Microfluidic device for CTC detection, capture, and recovery. (a) Design of the chip. (b) Pre-filter with a gap space of 50 μm to minimize blood clogging. (c) Enlarged view of the cells capture region. The size distribution of the micro pillars varies from 12 μm down to 4 μm. (d) Details of the connection setup with a syringe pump to drive the cells through the microfluidic chip.
(a) Cell capture chamber depicting trapped Hela. (b) The DE ranges from a high of 95% to a low of 74% for the 4 flow rates (0.5, 1.0, 1.5, 2.0 ml/h) being studied. (c) A comparison of the 5-day cell proliferation process between captured cells (at the max flow rate of 2 ml/h) and normal cultured cells shows no perceptible difference between them. Thus, it appears that the viability of the cancer cells is unaffected by the 4 flow rates used for their capture. Further, our micropillars are designed with an unusual shape to minimize damage to a cell caught in-between 2 micropillars. Scale bar is 100 μm.
A comparison of the severity of blood clots in the capture region of the chip when working with (a) unlysed blood versus (b) lysed blood.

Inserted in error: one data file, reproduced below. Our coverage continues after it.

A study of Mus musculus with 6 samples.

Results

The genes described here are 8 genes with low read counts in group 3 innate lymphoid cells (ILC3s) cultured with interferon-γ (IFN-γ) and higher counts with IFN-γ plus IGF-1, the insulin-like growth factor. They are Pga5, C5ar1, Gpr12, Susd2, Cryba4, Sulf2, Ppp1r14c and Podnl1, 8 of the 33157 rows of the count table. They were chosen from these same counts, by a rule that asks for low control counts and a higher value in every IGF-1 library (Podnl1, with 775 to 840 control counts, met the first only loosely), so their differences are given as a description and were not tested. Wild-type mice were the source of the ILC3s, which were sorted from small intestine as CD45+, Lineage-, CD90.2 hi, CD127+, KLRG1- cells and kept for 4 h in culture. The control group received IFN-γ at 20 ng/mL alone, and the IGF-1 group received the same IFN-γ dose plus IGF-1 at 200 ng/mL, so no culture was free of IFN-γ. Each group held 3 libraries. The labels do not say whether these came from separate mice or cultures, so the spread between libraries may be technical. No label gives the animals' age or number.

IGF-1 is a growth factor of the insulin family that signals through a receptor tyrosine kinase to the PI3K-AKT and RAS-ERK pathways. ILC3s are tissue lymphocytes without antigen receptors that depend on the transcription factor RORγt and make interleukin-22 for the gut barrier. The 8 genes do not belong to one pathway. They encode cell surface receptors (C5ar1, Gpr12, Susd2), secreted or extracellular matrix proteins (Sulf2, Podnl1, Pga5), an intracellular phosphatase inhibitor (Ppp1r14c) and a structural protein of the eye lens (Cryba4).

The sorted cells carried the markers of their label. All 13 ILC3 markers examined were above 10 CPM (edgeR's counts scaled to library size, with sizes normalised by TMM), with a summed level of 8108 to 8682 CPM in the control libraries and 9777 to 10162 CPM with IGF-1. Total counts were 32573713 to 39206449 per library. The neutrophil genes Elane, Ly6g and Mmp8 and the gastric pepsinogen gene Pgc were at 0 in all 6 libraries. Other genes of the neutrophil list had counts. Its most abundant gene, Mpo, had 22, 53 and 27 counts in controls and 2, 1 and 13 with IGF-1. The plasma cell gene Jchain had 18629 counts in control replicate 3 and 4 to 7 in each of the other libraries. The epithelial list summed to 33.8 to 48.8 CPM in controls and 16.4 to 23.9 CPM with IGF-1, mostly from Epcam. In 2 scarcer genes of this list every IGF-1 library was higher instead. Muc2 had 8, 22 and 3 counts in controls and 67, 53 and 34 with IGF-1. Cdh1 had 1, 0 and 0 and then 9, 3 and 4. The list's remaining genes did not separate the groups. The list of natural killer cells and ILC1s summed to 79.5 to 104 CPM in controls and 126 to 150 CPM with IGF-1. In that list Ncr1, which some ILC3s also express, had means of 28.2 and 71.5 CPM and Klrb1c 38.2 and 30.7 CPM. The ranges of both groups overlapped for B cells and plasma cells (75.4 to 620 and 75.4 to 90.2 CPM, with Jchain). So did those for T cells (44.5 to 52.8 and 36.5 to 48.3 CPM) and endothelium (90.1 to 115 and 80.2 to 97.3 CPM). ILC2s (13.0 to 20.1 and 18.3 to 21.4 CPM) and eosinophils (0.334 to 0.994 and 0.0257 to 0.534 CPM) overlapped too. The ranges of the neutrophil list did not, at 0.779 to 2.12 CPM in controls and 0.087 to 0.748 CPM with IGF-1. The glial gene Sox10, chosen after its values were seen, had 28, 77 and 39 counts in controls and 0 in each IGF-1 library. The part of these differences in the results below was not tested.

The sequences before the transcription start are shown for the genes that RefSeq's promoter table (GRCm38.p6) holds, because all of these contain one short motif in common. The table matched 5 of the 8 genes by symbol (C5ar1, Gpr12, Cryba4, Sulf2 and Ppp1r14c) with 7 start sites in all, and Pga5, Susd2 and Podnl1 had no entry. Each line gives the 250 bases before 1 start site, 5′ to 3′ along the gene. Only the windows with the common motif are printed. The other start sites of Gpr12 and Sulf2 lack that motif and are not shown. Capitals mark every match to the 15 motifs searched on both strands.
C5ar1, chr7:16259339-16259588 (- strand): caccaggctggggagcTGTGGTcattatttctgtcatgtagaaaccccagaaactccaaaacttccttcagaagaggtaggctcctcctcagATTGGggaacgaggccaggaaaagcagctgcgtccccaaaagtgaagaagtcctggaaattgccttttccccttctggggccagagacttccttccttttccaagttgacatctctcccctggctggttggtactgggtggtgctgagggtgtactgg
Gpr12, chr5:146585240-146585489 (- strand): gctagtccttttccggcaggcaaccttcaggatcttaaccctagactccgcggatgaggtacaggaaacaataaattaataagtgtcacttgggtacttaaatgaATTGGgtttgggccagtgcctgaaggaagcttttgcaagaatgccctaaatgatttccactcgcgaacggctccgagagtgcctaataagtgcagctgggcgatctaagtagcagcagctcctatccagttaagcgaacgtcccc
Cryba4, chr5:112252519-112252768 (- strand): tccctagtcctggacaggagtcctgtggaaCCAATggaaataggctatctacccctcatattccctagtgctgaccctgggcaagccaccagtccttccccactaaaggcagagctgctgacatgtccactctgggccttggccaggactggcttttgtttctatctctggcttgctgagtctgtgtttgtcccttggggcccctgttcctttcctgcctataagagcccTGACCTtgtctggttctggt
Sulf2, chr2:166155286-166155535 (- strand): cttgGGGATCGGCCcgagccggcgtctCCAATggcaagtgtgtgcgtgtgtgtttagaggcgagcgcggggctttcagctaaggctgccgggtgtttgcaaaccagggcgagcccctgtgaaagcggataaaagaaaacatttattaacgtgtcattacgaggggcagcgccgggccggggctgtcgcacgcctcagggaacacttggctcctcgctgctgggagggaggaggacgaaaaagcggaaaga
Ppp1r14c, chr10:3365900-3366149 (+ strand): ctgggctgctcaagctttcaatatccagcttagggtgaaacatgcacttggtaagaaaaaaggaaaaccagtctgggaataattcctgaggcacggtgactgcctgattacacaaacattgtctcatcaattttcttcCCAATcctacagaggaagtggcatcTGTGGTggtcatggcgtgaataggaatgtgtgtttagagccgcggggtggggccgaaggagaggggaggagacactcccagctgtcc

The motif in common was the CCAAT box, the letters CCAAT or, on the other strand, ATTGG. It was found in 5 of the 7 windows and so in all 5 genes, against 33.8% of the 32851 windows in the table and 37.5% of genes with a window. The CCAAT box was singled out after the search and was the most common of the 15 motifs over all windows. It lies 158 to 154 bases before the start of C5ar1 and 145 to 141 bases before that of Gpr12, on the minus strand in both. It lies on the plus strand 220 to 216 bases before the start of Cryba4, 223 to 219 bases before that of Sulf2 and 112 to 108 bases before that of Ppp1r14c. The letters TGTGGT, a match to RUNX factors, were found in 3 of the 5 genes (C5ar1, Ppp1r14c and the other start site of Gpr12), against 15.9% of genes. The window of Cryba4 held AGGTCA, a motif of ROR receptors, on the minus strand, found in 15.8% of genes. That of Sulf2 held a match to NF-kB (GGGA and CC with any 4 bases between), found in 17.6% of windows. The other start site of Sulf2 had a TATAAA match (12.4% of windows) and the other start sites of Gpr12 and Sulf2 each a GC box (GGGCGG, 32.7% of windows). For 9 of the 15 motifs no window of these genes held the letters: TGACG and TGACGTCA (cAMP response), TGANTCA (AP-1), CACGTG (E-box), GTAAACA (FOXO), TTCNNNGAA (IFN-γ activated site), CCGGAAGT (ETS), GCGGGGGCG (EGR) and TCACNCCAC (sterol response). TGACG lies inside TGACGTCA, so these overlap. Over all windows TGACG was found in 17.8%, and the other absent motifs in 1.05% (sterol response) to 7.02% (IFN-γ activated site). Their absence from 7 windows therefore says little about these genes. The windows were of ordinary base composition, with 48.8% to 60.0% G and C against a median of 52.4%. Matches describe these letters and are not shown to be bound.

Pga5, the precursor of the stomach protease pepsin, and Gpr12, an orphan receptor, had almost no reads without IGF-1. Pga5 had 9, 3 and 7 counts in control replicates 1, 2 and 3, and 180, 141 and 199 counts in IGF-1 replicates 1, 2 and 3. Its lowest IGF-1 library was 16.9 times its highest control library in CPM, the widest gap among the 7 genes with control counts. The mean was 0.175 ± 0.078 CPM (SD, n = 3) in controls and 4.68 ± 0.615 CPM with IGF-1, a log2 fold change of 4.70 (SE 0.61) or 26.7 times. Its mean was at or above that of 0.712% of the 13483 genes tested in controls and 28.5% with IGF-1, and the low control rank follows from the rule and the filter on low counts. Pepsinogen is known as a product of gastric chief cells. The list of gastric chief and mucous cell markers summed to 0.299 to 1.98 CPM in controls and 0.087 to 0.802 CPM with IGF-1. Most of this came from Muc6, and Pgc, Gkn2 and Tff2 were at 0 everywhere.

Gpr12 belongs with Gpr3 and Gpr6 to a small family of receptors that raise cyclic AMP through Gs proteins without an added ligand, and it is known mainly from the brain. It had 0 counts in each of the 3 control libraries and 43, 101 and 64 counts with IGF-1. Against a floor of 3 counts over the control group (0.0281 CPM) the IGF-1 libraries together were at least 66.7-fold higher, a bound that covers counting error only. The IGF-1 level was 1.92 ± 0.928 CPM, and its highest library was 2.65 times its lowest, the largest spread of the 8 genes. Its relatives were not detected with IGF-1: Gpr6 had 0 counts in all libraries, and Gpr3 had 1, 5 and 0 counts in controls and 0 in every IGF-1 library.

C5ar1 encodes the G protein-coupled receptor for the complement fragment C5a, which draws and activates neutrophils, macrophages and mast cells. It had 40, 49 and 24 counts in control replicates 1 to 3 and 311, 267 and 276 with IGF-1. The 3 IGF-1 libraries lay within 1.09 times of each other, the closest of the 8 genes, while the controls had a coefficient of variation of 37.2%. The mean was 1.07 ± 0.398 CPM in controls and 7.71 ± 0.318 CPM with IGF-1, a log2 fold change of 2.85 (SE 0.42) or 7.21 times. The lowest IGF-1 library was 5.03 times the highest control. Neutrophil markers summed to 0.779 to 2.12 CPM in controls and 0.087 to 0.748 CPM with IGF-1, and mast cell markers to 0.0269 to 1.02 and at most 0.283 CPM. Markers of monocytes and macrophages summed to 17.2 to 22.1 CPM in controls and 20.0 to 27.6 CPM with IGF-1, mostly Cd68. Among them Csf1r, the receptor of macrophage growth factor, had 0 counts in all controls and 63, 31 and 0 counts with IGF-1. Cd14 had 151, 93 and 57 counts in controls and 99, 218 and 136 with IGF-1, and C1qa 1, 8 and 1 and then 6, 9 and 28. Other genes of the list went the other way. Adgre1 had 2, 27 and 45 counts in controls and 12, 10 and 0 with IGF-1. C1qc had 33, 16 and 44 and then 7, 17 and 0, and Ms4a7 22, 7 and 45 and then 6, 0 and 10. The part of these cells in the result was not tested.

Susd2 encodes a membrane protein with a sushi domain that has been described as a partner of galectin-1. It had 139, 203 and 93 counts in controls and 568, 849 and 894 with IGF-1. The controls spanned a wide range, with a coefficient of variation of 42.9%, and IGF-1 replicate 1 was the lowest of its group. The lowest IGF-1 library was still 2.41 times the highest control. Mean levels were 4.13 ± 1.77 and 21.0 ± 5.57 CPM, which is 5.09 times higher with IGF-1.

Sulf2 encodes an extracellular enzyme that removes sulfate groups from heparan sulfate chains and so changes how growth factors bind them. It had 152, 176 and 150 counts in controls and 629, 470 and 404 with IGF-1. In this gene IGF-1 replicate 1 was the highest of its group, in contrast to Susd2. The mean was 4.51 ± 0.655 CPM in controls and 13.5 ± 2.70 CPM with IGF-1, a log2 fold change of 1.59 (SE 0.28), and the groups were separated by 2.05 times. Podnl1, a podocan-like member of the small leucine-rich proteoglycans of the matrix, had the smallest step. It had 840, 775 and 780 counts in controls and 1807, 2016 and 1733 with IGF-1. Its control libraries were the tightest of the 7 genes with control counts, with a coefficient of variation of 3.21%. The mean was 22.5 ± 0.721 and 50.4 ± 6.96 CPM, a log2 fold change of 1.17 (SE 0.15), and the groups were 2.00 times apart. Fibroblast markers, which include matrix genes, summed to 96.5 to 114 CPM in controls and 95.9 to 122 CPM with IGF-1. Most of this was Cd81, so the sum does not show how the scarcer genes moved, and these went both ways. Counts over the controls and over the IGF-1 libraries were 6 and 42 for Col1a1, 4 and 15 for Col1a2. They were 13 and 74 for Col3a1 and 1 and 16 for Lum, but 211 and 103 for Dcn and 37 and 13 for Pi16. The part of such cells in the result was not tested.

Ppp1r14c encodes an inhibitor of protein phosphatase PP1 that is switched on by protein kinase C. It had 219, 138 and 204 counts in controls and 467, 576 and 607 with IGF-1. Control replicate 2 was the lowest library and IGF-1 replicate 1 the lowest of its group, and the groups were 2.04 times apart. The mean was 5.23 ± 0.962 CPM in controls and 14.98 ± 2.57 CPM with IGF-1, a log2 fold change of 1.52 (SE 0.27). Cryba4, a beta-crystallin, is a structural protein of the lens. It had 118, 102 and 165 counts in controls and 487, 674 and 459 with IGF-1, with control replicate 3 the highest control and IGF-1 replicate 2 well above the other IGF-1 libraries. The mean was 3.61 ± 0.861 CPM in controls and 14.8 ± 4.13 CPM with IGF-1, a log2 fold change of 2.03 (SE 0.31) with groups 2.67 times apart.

(a) Bright field and fluorescence and merged images in the microfluidic chip. Hela and WBCs are marked with red and green fluorescence, respectively. Scale bar is 10 μm. (b) The CP of the chip seems to be unaffected by the varying flow rates.
Positive CTC enumeration was detected in all blood samples taken from patients with liver cancer. (a) CTC count per 3-ml blood sample and it ranged from a low of 1–2 (1 patient) to a high of >20 (2 patients). (b) Captured cells from blood of liver cancer patients. Scale bar is 10 μm. (c) Immunofluorescence staining is performed on recovered CTCs. To distinguish the inadvertently captured WBCs from the captured CTCs, the former are stained with blue and red fluorescence, while the latter are stained with blue and green fluorescence. The merged slide clearly depicts the distinction between the 2 cell types. Scale bar is 10 μm.
Antibody-independent technology for CTC segregation, capture, and recovery.